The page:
When I held the HTC One for the first time, I noticed the curved back and how smooth the metal felt. The glass screen may be slightly smaller than other smartphones on the market at 4.7″, but the feel of the glass seems more refined. The aluminum case seamlessly extends past the glass screen on the top and bottom, which house built-in amps with dual forward facing stereo speakers enabled with Beats Audio. The forward facing camera, proximity and ambient light sensors round out what is located on top.
Around the back of the phone, Beats Audio and HTC logos are visible along with circular cutouts for the Ultra Pixel camera, LED smart flash and a mini hole for the rear facing microphone. Thin strips of white plastic are embedded in the aluminum for the radio antennas.
Several remaining visible parts around the phone include a microSIM card slot on the top left side, a headphone jack and an infrared enabled power button on the top, a metal volume rocker button on the right side and a micro USB 2.0 port on the bottom.
Thin edges on the sides of the screen expand only slightly towards the bottom of the phone, where another HTC logo is located in between two touch sensitive buttons. A back and home button light up when the phone is in use. The completely flat front means there are no physical buttons to depress, which is a design carryover from the HTC One S. Some people that are new to Android might like a physical button to help them migrate easier from other platforms. Not having a physical button on the front made for a cleaner and more elegant design overall.
Speed & Connectivity
The HTC One is in “beast mode” right from the start. That is a popular term used to say that the Qualcomm Snapdragon 600 quad-core 1.7GHz processor handled everything without stuttering. From the processing of HDR images, burst mode photography and switching between playing videos, it performed well. The looks on people’s faces while using the burst photo mode were fun to see. Some of them came up to me to find out what the fast clicking sound was. They were genuinely excited to see that smartphones have evolved to this point.
For a few of the tests, I put it into a power saver mode. I did that because on some days I would burn through a full charge faster than I thought it should. The power saver mode has four options. They are CPU power, Display, Vibration and Data connection.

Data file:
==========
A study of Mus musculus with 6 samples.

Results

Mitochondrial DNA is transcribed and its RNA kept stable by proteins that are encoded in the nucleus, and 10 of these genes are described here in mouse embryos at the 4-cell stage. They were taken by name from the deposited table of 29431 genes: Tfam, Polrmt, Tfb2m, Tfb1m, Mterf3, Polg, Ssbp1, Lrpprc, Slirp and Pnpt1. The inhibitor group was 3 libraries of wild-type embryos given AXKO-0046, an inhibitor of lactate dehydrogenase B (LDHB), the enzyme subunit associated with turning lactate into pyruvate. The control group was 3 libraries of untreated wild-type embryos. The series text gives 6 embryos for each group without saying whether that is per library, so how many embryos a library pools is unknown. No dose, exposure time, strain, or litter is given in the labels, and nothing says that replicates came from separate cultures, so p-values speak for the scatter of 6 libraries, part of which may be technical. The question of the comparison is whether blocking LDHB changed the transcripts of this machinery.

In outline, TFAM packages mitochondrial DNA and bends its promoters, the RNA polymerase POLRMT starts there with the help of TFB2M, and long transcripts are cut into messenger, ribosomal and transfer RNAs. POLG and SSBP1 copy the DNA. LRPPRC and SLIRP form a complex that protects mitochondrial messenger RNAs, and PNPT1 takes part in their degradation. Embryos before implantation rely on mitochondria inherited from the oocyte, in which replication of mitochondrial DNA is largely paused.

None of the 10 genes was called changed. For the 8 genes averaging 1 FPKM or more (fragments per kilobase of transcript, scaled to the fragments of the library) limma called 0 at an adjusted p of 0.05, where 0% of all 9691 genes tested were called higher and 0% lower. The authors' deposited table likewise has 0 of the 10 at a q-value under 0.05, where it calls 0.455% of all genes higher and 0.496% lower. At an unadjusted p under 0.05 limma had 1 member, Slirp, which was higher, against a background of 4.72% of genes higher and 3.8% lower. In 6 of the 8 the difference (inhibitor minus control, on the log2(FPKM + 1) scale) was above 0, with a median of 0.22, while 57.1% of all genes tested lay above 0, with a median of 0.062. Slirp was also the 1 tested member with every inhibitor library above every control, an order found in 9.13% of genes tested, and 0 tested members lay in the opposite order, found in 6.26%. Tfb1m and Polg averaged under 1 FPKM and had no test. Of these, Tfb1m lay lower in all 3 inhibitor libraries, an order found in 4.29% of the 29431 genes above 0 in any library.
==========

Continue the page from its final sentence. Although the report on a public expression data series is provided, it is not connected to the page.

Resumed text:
Over the years, I have found that smartphone displays consumed the most battery during a typical day. Now that 4G LTE is a standard, it along with the CPU speed would be the next two options to conserve power with. Simply tapping the mode to on, afforded me a battery that lasted all day. After a few days of having the mode on, I found that the capability of the device did not diminish to where I would need to turn it off.
AT&T Booth at CTIA 2013 at the Sands Convention Center in Las Vegas
For those times without access to 4G LTE or when you want to save on your monthly data allotment, the internal WiFi takes the role of connection to the Internet. This device comes with an ace up its sleeve. In addition to the 802.11 a, b, g and n standards, it comes with the newest ac draft. This means that if the router you are connecting to supports it, the HTC One will automatically switch to the fastest possible speed. This is excellent because the handset supports the capability to wirelessly stream media to a DLNA compatible TV or computer.
During testing, I found that the WiFi connection on the One was marginally faster than my slightly older test smartphones on the same WiFi access point. It was able to find more access points than even my computer because it can scan with a greater number of wireless standards. Bluetooth 4.0 with aptX is enabled along with NFC or near field communication on this model.
Bluetooth is important to connect with modern audio equipment including speakers, wireless headsets, car kits and other gadgets. NFC is a developing technology in the US, but is popular overseas. For those that travel and for future compatibility, NFC is a nice feature to be there just in case.
Fish at Shark Experience
Shark at Shark Experience via Burst Photo Mode
San Francisco Pier at Dusk
Twin Peaks in San Francisco, California
People that like recording video in slow motion are not out of luck with this smartphone. It did a nice job capturing fireworks and allowed me to playback the video at different speeds.
Wynn Las Vegas Waterfall at Dusk
The HTC One is one of the most talked about smartphones in recent memory and has been quite popular with customers from most of the major cellular providers in the United States. AT&T’s 4G LTE speed is certainly the fastest I have experienced in and outside of Las Vegas. As a top smartphone on the market today, the One is an easy yes when deciding what to purchase.
Disclosure: I received a review unit from AT&T. Opinions expressed here are my own.